Book review: Nutshell by Ian McEwan
The protagonist suspects his mother and uncle of scheming to kill his father. Plot sound familiar? And quite appropriately, the book opens with the verse from Hamlet from which it derives its name: “Oh God, I could be bounded in a nutshell and count myself a king of infinite space…” Except, in this case, the protagonist is a foetus, still in his mother’s womb and involuntary party and witness to the murder plot.
Within a few deft pages, McEwan establishes the premises of the story – the foetus’ growing awareness of the world he’s about to enter thanks to the radio programmes and podcasts his mother listens to and the conversations he can’t help eavesdropping on, the way he builds associations between objects and concepts he has not yet seen and experienced, and so on – within which the reader can happily suspend disbelief and enjoy the story. McEwan wisely refrains from using a child’s voice for the foetus. Thus, the voice in which the story is narrated is contemplative, humorous, cynical, already a tad world-weary.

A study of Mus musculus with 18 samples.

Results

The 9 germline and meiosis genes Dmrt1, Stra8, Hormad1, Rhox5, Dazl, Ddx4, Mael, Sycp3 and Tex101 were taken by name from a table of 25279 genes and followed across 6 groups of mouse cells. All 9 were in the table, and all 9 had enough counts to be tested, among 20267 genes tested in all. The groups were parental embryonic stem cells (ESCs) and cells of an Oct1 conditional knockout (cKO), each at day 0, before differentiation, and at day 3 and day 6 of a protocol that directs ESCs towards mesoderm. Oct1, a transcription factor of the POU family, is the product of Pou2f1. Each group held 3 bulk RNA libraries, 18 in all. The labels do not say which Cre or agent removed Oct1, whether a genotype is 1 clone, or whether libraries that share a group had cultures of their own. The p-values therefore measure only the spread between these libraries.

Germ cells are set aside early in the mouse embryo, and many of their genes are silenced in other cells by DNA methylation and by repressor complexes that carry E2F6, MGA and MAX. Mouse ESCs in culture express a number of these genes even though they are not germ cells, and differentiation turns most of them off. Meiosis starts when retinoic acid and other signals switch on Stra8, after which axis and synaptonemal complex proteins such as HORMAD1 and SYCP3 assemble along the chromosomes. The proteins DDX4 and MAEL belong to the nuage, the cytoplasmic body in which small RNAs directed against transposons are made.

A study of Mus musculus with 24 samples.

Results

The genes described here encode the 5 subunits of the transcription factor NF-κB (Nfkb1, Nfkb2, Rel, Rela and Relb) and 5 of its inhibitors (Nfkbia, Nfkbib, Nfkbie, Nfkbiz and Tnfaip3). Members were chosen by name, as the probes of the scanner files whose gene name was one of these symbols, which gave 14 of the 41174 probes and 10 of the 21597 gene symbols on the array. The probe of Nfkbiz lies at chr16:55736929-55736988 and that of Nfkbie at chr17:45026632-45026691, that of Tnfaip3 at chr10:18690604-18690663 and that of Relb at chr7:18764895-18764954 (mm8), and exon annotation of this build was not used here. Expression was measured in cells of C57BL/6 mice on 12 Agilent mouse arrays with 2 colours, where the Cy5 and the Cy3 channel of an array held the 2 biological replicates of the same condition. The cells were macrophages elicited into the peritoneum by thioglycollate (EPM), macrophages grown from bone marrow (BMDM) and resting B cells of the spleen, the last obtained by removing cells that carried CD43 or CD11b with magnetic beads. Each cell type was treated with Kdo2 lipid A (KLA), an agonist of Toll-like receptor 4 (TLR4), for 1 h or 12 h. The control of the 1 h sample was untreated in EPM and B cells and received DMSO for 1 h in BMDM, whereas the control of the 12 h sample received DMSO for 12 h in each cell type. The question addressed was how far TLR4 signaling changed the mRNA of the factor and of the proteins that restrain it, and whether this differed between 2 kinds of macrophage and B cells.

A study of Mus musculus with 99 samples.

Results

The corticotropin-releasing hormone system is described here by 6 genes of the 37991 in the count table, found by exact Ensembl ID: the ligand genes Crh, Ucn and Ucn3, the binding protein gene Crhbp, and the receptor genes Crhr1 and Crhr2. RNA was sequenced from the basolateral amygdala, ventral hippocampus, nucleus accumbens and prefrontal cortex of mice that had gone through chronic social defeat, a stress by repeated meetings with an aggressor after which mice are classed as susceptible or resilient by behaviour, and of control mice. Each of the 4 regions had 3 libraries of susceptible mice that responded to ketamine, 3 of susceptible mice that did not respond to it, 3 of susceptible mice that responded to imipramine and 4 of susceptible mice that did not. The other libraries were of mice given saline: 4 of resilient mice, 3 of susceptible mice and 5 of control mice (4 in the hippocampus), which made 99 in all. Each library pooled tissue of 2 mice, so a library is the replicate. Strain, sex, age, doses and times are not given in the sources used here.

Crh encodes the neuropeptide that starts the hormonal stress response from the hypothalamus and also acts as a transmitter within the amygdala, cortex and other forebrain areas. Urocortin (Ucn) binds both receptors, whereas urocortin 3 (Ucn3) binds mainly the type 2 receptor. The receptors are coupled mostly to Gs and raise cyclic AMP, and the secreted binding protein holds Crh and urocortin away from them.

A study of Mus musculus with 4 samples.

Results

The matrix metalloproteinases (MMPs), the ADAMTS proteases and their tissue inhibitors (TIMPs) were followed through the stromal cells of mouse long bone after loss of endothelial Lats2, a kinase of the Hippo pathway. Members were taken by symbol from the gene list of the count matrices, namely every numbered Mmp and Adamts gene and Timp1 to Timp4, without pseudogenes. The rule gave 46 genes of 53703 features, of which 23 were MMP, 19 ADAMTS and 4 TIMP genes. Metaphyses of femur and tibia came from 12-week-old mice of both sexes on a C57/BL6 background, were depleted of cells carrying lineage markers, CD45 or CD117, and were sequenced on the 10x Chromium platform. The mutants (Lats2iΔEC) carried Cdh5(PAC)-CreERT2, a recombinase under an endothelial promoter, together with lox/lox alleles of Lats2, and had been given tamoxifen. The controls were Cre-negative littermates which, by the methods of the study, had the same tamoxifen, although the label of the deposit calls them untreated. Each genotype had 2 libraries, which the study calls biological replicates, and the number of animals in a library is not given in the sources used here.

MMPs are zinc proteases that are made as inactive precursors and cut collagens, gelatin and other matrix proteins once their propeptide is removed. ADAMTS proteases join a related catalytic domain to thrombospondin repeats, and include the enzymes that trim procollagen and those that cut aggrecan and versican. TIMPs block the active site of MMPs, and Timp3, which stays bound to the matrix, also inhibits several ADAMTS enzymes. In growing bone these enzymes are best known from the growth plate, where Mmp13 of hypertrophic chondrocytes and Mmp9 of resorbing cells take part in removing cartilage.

Even as the unborn child is keenly aware of the immediate problems, the personal chaos he will soon be born into, he also has to deal with a growing awareness of trouble brewing in the world at large. McEwan touches upon topics like terrorism, the refugee crisis, political correctness, and so on, and, while his takes on these topics are interesting in themselves and, in most cases, blend with the story, in some instances, they do tend to stick out as unnecessary digressions.
In all, McEwan’s precise writing is a pleasure to read as always, and the book is a short, fast-paced and enjoyable read.